The Washington Nationals will be down five players and a staff member for Opening Day after a player tested positive for COVID-19, general manager Mike Rizzo said Wednesday.
"We are following MLB protocols and CDC protocols and working closely with the league to determine our next steps," Rizzo said. "It will be a lot of balls in the air until then."
The positive result came from a test conducted Monday while the Nationals were still in Florida for spring training. Word of the test result came a little after 1 a.m. Wednesday, after the team had traveled home to Washington, where it is scheduled to host the New York Mets on Thursday night for Opening Day.
The flight home was where there was close contact between the player who tested positive and the four teammates and staff member who are now quarantining. All six individuals will miss Thursday's opener, but their status after that is unclear.
Per MLB's health and safety protocols for 2021, the player who tested positive will be required to isolate for a minimum of 10 days, receive appropriate care and monitoring from the club medical staff, and be cleared by baseball's joint COVID-19 committee and the individual's team physician following a mandatory cardiac evaluation and a determination that the individual no longer presents a risk of infection to others.
Rizzo did not identify any of the six members of the organization who are involved.
"We'll have some roster decisions to make depending on how this all shakes out before Opening Day," Rizzo said. "This is just a small blip on our radar screen. We're going to handle it and take it in stride."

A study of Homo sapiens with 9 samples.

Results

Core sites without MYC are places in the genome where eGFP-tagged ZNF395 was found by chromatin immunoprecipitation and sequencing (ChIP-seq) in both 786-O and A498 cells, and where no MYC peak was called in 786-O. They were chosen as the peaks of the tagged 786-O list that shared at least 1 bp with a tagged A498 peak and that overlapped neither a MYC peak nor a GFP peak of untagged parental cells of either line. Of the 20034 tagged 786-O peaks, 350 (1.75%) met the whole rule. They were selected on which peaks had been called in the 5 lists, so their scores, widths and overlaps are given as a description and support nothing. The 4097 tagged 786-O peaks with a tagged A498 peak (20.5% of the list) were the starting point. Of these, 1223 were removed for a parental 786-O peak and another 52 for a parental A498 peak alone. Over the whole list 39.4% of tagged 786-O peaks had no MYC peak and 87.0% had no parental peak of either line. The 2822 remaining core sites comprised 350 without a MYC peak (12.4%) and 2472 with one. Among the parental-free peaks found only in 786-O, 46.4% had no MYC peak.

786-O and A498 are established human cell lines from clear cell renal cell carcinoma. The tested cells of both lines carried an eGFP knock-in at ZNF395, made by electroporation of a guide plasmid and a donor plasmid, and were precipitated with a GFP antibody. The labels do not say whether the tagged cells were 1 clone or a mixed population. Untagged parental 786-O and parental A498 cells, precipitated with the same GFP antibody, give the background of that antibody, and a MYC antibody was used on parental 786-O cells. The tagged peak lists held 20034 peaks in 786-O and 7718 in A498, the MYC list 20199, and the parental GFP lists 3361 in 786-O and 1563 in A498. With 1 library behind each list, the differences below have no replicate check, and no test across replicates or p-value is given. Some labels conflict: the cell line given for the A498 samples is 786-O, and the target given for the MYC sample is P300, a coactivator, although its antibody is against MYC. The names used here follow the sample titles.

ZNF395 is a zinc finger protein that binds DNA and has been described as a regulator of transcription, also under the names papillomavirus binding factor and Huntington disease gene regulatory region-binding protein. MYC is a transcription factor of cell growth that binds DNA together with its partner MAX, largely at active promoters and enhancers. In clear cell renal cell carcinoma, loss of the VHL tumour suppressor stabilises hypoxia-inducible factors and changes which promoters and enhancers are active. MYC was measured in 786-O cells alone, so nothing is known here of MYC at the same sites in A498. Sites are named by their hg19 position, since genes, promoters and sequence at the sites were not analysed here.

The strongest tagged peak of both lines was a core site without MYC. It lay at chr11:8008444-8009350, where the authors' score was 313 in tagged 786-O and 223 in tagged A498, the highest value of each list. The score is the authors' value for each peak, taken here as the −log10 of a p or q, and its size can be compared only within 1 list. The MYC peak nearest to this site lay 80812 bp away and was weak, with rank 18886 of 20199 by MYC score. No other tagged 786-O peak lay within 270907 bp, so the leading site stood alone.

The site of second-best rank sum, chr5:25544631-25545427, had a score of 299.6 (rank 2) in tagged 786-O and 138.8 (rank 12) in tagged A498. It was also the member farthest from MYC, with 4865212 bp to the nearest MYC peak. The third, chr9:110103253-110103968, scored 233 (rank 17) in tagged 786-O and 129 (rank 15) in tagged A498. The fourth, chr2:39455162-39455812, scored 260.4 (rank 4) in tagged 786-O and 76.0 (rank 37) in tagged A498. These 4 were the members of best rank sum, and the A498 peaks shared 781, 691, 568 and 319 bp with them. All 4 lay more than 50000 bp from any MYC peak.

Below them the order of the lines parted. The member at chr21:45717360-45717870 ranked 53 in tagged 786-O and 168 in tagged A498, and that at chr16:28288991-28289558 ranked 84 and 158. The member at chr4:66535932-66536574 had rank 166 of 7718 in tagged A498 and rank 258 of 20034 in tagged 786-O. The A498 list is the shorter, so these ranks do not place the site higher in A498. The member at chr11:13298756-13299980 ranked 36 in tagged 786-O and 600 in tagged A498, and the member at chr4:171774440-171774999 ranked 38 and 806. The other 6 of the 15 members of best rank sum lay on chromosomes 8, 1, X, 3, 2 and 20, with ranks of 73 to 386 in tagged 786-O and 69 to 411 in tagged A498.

The Nationals -- who had planned to have a workout at their stadium on Wednesday before it was called off because of rain -- did not have a single player test positive during their six weeks of spring training camp in West Palm Beach, Florida. The team has not yet been vaccinated.
Rizzo said he has received one shot of the vaccine and will advise players to get it as soon as they are eligible but will leave the decision up to them.
Thursday's starting pitcher, Max Scherzer, was not on the team flight and traveled separately with his family. He said having dealt with the pandemic last season has the team more prepared for events like what happened Wednesday.
"There's less unknowns," Scherzer told MLB on ESPN Radio. "... 2020 was a good learning experience for all of us in knowing that, 'Hey, once it starts going, you kind of know how this ends.' Now we have that information; it's not, I would say, last year when you started hearing a lot more positive tests going around that you just felt like it was way more widespread. Hopefully this one is contained as well as we can because of all of the protocols we have in place now. You know everything that we do, hopefully we contained it and hopefully it's not a big deal."
Rizzo said the team underwent a new round of COVID-19 tests Wednesday, as was previously scheduled -- a combination of rapid tests and MLB-mandated saliva tests. He noted that there are players available to be brought in from the club's alternate training site in Fredericksburg, Virginia.
"This is the reason you have 60 good players in the organization, to kind of prepare for these type of ... scenarios,'' he said.
The Associated Press contributed to this report.